The author of the book: Kenneth Koch
ISBN 13: 9780375410277
Format files: PDF
The size of the: 599 KB
Date of issue: April 11th 2000
Read full description of the books New Addresses:Kenneth Koch, who has already considerably "stretched our ideas of what it is possible to do in poetry" (David Lehman), here takes on the classic poetic device of apostrophe, or direct address. His use of it gives him yet another chance to say things never said before in prose or in verse and, as well, to bring new life to a form in which Donne talked to Death, Shelley to the West Wind, Whitman to the Earth, Pound to his Songs, O'Hara to the Sun at Fire Island.
Koch, in this new book, talks to things important in his life -- to Breath, to World War Two, to Orgasms, to the French Language, to Jewishness, to Psychoanalysis, to Sleep, to his Heart, to Friendship, to High Spirits, to his Twenties, to the Unknown. He makes of all these "new addresses" an exhilarating autobiography of a most surprising and unforeseeable kind.
Read information about the authorKenneth Koch is most often recognized as one of the four most prominent poets of the 1950s-1960s poetic movement "the New York School of Poetry" along with Frank O'Hara, John Ashbery and James Schuyler. The New York School adopted the avant-garde movement in a style often called the "new" avant-garde, drawing on Abstract Expressionism, French surrealism and stream-of-consciousness writing in the attempt to create a fresh genre free from cliché. In his anthology The New York Poets, Mark Ford writes, "In their reaction against the serious, ironic, ostentatiously well-made lyric that dominated the post-war poetry scene, they turned to the work of an eclectic range of literary iconoclasts, eccentrics and experimenters."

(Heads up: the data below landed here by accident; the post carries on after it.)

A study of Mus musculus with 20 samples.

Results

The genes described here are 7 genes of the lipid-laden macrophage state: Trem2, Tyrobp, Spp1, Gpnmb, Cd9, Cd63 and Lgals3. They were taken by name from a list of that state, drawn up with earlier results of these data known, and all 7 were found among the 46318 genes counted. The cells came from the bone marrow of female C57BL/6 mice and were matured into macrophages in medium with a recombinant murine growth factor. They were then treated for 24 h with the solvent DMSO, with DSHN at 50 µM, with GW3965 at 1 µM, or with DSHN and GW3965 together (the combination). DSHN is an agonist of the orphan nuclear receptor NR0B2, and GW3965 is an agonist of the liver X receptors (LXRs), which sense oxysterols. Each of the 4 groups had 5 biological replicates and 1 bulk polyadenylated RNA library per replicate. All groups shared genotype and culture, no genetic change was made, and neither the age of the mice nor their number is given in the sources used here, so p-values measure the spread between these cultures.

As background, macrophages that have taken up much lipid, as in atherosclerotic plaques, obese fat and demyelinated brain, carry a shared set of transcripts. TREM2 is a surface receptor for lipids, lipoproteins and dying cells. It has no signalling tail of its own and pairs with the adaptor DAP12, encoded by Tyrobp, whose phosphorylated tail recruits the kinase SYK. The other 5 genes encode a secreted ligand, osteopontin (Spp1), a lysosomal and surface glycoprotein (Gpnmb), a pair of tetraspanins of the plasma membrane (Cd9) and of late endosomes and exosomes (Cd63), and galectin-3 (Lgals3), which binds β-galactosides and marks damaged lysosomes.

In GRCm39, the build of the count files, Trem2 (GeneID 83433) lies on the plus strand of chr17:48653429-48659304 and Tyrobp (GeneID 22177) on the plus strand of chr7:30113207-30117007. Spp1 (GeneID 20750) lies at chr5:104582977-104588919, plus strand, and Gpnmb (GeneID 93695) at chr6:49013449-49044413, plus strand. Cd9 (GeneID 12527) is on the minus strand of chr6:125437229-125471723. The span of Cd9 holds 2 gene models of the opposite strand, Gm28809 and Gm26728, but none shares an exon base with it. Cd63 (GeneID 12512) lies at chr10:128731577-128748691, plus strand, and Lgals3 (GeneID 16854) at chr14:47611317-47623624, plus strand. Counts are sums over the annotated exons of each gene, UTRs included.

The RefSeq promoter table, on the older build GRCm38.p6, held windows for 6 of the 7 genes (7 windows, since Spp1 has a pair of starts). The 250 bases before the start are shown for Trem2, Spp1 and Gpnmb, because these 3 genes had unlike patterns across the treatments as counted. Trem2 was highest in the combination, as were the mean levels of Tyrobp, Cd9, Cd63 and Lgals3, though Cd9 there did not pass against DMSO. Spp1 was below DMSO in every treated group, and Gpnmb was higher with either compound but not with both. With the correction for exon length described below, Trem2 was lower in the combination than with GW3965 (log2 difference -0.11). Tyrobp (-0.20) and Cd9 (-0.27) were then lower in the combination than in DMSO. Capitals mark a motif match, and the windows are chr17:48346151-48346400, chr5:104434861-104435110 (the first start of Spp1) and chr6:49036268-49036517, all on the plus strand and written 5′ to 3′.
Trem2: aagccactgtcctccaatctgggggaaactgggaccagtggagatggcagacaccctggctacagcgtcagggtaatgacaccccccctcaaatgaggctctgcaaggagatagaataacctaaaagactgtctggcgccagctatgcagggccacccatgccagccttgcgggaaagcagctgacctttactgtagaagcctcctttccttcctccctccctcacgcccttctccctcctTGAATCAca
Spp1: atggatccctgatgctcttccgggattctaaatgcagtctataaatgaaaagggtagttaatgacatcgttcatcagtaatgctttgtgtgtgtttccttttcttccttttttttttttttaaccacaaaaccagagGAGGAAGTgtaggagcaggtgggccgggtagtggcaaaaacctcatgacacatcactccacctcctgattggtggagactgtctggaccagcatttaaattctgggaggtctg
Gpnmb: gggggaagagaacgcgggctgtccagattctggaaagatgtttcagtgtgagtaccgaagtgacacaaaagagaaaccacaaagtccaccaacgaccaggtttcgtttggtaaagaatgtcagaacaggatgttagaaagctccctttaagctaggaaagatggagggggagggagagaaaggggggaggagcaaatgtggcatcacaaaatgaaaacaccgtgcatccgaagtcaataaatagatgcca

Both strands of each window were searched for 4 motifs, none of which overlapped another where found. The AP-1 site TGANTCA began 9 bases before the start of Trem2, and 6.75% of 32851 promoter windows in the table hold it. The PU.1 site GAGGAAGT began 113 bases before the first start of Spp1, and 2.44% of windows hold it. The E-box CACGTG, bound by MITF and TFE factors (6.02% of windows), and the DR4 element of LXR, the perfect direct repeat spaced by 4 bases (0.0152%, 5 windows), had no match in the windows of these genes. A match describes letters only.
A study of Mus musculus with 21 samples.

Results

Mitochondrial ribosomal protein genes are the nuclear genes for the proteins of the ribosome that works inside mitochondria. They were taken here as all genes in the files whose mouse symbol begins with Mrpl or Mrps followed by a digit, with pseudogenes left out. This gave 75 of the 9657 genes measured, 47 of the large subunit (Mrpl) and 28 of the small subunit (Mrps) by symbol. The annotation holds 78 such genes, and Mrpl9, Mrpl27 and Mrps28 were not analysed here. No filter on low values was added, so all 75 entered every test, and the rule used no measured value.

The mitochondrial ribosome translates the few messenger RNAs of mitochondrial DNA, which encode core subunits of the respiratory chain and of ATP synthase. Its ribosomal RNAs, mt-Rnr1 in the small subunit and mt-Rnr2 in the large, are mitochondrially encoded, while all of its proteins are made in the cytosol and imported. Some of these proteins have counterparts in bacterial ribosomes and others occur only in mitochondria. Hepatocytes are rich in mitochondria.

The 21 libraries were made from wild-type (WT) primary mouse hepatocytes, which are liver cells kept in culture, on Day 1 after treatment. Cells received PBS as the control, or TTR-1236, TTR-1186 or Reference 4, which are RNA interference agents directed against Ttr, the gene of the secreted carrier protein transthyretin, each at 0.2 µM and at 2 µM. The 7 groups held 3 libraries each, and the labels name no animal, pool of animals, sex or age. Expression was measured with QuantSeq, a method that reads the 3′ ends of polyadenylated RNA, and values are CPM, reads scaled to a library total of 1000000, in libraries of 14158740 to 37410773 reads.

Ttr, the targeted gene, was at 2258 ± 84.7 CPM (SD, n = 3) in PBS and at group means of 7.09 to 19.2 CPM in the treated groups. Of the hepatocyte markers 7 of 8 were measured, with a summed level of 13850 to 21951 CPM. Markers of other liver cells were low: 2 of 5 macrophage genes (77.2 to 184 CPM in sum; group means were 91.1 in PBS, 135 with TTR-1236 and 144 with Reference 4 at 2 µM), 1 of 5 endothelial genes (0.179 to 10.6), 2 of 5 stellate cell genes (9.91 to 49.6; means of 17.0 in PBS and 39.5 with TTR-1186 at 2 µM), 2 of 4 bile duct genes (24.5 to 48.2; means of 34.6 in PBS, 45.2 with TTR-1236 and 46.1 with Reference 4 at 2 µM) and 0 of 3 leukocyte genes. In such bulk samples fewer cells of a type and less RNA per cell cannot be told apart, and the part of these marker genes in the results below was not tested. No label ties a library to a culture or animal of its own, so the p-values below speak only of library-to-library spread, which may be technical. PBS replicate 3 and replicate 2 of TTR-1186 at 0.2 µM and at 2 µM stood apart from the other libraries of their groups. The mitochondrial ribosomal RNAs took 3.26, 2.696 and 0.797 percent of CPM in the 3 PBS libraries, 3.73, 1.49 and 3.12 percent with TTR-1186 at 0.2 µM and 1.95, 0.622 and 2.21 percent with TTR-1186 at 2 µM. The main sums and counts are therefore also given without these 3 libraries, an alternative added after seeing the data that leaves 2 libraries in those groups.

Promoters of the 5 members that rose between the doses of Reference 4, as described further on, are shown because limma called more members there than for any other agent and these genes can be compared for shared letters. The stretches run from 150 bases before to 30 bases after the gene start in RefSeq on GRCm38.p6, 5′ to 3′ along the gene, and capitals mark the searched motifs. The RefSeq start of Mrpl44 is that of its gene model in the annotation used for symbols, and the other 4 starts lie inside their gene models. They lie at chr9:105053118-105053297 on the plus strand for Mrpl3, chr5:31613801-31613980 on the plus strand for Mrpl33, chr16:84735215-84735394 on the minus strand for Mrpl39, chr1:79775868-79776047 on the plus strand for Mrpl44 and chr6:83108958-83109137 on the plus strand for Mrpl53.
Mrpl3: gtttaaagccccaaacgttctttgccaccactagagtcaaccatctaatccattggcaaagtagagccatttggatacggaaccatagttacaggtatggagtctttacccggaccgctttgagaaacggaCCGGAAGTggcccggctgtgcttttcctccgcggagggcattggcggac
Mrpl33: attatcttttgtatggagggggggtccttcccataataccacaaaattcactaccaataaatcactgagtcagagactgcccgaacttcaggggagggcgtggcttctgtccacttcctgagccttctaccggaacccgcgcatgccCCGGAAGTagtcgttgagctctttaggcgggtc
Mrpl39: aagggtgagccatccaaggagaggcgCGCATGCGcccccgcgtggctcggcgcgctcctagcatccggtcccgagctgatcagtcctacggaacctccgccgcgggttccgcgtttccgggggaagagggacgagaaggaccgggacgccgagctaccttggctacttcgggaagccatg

Fiercely anti-academic and anti-establishment, Koch's attitude and aesthetic were dubbed by John Ashbery his "missionary zeal." Ford calls him "the New York School poet most ready to engage in polemic with the poetic establishment, and the one most determined to promote the work of himself and his friends to a wider audience." Koch died of leukemia at age 77, leaving a legacy of numerous anthologies of both short and long poems, avant-garde plays and short stories, in addition to nonfiction works dealing with aesthetics and teaching poetry to children and senior citizens.